A range of teacher professional learning programs will be developed to accompany the Biodiversity of the Western Volcanic Plains online outreach...
Mainly nocturnal. Shelters in burrows (warrens) during the day. Can breed from 4 months of age, at any time of the year. When conditions are good they can produce 5 or more litters a year, with 4 to 5 young in each litter. Their impact is greatest during drought and straight after a bushfire, when food is scarce and they eat whatever they can. They ringbark trees and shrubs, and prevent regeneration by eating seeds and seedlings.
Ears shorter than length of head and without a black tip, short white tail.
Herbivore. Eats green grass, herbs, fleshy plant roots and tubers. Digs below ground to reach roots of grasses and shrubs. Also eats bark and seeds.
Habitats ranging from deserts to coastal plains, wherever there is suitable soft soil for digging their burrows (warrens).
Distribution maps indicate current and historic locations where species have been sighted.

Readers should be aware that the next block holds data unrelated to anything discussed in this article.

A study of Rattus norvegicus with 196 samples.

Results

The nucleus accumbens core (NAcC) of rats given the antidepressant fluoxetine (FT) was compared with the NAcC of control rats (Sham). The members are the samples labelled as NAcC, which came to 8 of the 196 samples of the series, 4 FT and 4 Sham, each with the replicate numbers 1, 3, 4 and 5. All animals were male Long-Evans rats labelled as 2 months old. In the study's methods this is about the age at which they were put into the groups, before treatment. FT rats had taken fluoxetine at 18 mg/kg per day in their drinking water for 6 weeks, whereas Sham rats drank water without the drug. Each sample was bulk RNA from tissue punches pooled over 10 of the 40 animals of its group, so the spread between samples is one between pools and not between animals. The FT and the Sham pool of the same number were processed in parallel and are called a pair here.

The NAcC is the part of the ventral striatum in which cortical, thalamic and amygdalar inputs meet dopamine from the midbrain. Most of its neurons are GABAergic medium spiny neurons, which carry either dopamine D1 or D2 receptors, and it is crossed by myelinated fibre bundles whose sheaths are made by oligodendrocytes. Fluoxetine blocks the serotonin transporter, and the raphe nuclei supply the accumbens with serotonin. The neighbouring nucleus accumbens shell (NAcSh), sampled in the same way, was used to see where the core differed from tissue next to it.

Source: Atlas of Living Australia
|DEPI Advisory List||
The conservation status of species is listed within Victoria and Australia.
The Department of Environment and Primary Industry (DEPI) Advisory List consists of non-statutory advisory lists of rare or threatened flora and fauna within Victoria.
The Flora and Fauna Guarantee Act 1988 (FFG Act) lists threatened species in Victoria. Under the Act, an Action Statement is produced for each listed species.
The Environment Protection and Biodiversity Conservation Act 1999 (EPBC Act) is the Australian Government’s key piece of environmental legislation, listing nationally threatened native species and ecological communities.